Edward Wortley Montagu, from Wortley in Yorkshire, was the MP for Peterborough from 1734 to his death in 1761. His father the Hon. Sidney Wortley Montagu had been MP for Peterborough from 1698 until his death in 1727 (with two terms as the Huntingdon MP between 1713 and 1722). He had been known as Sidney Montagu, but added Wortley after he married Anne, the illegitimate heir of Sir Francis Wortley.
Edward famously eloped with Lady Mary Pierrepont in 1712 who upon marriage became Lady Mary Wortley Montagu. She left a large collection of letters detailing their relationship and time they spent together in Turkey whilst Edward was working as the British Ambassador. She is also noted as the first person to bring inoculation to the UK.
Edward Wortley, as he referred to himself, followed his father to the post of Peterborough’s MP in 1734 and remained the city’s representative until his death in 1761. His name lives on in The Wortley Almshouses, known locally as The Wortley Arms.
In 1744 Wortley gifted two buildings and four acres of land on Westgate to the Feoffees, who oversaw charity in the city of Peterborough, but not as almshouses: he gifted a workhouse. The workhouse was created to support the poor of the city and was an addition to the workhouse in Cumbergate which had been created in 1726. The people living there would have been working in the four acres of farm land attached to the property to earn their keep. In 1791 William Watson, a farmer, left the workhouse after 12 years of running it to move to Uppingham to ‘farm their poor’. It is the same workhouse that purportedly inspired Charles Dickens in his writing of Oliver Twist.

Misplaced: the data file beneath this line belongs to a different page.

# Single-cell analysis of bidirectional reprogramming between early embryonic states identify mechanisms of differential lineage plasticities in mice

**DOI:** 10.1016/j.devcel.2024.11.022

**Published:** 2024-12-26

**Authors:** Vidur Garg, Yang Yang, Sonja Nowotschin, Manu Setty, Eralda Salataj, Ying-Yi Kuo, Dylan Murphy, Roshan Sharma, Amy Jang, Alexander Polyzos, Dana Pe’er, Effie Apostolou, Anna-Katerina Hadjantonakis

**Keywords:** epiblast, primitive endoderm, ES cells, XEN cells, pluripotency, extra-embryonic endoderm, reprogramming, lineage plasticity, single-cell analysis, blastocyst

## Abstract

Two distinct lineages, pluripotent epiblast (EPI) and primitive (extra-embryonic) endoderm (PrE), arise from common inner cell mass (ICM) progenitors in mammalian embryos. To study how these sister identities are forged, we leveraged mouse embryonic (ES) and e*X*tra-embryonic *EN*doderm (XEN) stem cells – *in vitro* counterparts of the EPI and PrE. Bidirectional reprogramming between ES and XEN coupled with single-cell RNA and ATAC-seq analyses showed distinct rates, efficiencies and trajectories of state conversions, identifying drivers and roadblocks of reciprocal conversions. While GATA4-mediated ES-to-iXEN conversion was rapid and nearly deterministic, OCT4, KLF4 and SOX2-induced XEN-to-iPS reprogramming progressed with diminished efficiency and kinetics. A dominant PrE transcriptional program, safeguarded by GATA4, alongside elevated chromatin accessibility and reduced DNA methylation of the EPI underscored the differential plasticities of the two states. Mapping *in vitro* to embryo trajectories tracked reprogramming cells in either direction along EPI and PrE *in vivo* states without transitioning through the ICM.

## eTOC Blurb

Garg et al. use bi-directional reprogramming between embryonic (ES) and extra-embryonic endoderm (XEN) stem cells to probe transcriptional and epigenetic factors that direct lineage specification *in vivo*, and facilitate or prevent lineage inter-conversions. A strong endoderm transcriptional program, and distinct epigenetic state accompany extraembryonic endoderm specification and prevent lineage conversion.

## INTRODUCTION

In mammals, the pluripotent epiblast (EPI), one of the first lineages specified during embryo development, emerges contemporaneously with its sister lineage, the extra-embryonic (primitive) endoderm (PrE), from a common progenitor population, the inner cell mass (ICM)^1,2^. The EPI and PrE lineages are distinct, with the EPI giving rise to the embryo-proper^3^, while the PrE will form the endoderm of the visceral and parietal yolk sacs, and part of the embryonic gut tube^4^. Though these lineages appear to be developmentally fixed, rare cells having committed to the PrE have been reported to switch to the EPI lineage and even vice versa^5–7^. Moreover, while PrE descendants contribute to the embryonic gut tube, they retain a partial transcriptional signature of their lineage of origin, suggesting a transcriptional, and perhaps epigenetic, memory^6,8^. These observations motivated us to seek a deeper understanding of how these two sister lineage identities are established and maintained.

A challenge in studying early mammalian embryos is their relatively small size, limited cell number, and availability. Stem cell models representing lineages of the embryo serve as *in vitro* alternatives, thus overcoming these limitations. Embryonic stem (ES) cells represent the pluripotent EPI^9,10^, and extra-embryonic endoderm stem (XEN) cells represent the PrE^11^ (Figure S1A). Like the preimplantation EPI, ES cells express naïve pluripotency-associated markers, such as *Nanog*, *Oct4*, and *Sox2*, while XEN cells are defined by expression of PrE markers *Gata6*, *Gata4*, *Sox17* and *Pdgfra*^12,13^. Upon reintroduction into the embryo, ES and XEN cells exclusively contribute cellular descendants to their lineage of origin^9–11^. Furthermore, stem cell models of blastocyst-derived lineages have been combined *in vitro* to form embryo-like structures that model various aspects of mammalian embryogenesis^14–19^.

A new workhouse was built on Thorpe Road in 1836, so the Wortley workhouse was converted into almhouses for the poor instead.
Edward Wortley died in 1761 and left an extensive will. In a codicil to the will he provided £200 for people in Peterborough on his death, which was a considerable sum of money. He left most of his money and estate to his children Edward, an eccentric man who died without children, and Mary who married John Stuart 3rd Earl of Bute. Stuart became the British Prime Minister a year after Edward’s death.
The building can be easily viewed on Westgate and is currently used as a public house.
Peterborough Almshouse Trust, Release of Lease and Release, 1744, PAS/ALM/2/1/10/10/8.
Cruickshanks, E. and Harrison, R., Montagu, Edward Wortley (1678-1761), History of Parliament Online (see link).
Peterborough Workhouse, Stamford Mercury, 12 August 1791, p. 4.
Picture: The Wortley Almshouses cc-by-sa/2.0 - © Ian S - geograph.org.uk/p/2805244.